That disclosure by chief academic officer Dr. Judi Jones created considerable angst among some school board members at their work session last week.
Lynnda Eagle demanded: “I want to know what you want to do with that $25 million.” Kathleen Angelucci warned: “We are exchanging our local control for money, and that very much bothers me.” Alison Bartlett said school districts are “finding that costs are not going to be sustainable in the future.” Tim Stultz saw “too much uncertainty and too many strings attached.”
To these legitimate concerns by four of the seven board members, Hinojosa replied that the district should build an undefined “safeguard” against federal strings. Thus assured, the board decided to allow the application process to proceed. Its focus, Dr. Jones recommended, should be on two priorities — personalized learning with students, and performance-based teacher evaluations. At least nothing was said about brain-based learning.
Vice chairman David Morgan supported the grant application, saying, “If the strings attached are too much, and we are tying the hands of future boards, then we will clearly see that in the information.” In other words, never cross strings until you get to them.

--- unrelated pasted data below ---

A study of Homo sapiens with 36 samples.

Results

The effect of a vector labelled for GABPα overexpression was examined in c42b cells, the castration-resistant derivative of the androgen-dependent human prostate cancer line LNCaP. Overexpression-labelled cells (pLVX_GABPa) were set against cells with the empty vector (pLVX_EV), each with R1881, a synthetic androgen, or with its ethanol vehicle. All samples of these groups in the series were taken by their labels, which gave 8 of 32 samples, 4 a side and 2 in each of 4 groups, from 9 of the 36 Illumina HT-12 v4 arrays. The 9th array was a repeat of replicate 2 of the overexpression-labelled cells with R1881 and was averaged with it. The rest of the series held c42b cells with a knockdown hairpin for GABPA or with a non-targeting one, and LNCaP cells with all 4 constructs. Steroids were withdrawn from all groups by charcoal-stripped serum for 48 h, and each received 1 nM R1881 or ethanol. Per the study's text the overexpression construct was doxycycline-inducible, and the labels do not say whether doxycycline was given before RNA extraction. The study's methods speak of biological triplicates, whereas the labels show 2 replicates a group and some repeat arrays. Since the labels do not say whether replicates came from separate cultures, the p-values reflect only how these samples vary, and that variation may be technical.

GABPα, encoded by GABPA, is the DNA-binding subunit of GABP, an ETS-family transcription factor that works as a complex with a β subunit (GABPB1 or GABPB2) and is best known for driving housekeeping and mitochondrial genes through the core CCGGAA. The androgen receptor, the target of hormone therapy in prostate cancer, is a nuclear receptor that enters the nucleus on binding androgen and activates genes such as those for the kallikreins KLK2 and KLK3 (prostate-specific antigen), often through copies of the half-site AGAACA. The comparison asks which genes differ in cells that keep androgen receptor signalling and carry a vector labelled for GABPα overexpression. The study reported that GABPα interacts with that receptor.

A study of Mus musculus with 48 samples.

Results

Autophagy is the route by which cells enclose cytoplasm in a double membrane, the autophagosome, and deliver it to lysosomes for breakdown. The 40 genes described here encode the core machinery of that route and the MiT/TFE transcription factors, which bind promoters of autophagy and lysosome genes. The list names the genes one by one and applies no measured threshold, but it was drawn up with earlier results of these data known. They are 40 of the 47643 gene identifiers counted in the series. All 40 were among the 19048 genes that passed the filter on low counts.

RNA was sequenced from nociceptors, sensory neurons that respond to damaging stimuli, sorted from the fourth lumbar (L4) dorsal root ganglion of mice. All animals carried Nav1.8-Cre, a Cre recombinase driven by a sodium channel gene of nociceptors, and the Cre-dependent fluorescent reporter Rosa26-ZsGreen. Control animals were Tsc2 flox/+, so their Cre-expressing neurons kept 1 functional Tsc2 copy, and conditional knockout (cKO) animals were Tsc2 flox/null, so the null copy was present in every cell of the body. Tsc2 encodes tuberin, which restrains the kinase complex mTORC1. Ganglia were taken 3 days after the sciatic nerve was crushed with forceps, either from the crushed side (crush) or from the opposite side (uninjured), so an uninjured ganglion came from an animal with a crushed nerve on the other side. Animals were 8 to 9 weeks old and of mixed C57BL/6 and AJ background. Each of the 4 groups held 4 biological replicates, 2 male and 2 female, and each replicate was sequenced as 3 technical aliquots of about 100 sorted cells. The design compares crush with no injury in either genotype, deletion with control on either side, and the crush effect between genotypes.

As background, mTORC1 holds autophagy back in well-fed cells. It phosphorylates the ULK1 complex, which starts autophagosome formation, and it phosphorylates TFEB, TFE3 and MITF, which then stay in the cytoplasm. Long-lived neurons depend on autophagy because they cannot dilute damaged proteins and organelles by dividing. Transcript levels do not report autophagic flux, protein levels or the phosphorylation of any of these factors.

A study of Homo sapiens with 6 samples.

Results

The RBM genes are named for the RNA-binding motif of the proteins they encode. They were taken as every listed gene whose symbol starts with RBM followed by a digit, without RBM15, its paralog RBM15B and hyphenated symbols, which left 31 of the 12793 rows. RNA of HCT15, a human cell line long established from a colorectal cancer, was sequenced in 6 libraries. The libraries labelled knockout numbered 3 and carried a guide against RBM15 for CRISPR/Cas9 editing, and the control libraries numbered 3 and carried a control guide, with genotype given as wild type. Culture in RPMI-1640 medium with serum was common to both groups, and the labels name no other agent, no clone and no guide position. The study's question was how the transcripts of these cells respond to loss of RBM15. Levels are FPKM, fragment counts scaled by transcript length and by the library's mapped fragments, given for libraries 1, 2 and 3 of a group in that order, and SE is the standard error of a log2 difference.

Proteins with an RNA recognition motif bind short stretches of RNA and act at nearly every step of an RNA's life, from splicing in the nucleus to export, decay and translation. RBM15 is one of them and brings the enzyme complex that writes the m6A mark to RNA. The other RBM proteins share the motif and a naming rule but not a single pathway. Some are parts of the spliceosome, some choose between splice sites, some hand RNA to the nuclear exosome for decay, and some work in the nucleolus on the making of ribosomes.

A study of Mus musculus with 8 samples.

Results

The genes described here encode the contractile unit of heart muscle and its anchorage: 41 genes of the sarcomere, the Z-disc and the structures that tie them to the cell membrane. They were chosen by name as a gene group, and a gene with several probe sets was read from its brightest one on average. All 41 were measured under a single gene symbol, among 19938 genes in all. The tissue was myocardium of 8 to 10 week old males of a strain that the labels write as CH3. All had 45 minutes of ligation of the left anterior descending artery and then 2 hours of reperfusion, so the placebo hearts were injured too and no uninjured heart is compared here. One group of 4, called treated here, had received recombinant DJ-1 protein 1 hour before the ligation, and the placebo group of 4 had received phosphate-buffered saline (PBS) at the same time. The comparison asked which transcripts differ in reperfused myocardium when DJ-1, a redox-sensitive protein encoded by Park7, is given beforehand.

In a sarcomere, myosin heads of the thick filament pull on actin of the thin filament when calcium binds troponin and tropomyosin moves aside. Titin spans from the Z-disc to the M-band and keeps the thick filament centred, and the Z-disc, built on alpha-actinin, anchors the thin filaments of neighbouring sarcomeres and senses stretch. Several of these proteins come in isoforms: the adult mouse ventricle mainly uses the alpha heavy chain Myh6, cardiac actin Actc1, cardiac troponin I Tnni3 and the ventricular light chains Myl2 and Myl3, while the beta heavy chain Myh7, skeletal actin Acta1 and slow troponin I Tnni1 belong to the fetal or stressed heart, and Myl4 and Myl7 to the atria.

What about strings? They are either ominously real or totally nonexistent, depending on who’s talking. Among many critics, Lindsey Burke of the conservative Heritage Foundation warned last month: “The Obama administration is intent on nationalizing the content taught in every public school across America” through the Common Core State Standards Initiative. “Without congressional approval, the administration has used a combination of carrots and sticks to spur states to sign on to” the standards adopted by 45 states including Georgia.
Although the effort was originally led by the National Governors Association and the Council of Chief State School Officers, Burke said it “became quickly entangled with Washington.” And, “Billions in federal funding was used to create incentives for states to adopt the standards, yet the effort has left state taxpayers to pick up the tab for their implementation, conservatively estimated to cost more than $16 billion.” Stunning.
Burke pointed out that the federal education department proffered $4.35 billion in Race to the Top grants for states, “conditioned in part on adoption of ‘standards common to a significant number of states,’” and the only option was and is the Common Core State Standards Initiative. He said there also have been “suggestions” that $14.5 billion in Title I funds for low-income schools and waivers of No Child Left Behind could be conditioned on adoption of the common standards.
On its website, the Common Core State Standards Initiative says, “The federal government will not govern” the initiative but it “will remain a state-led effort.”
Strings or not, where does the $16 billion in costs come from?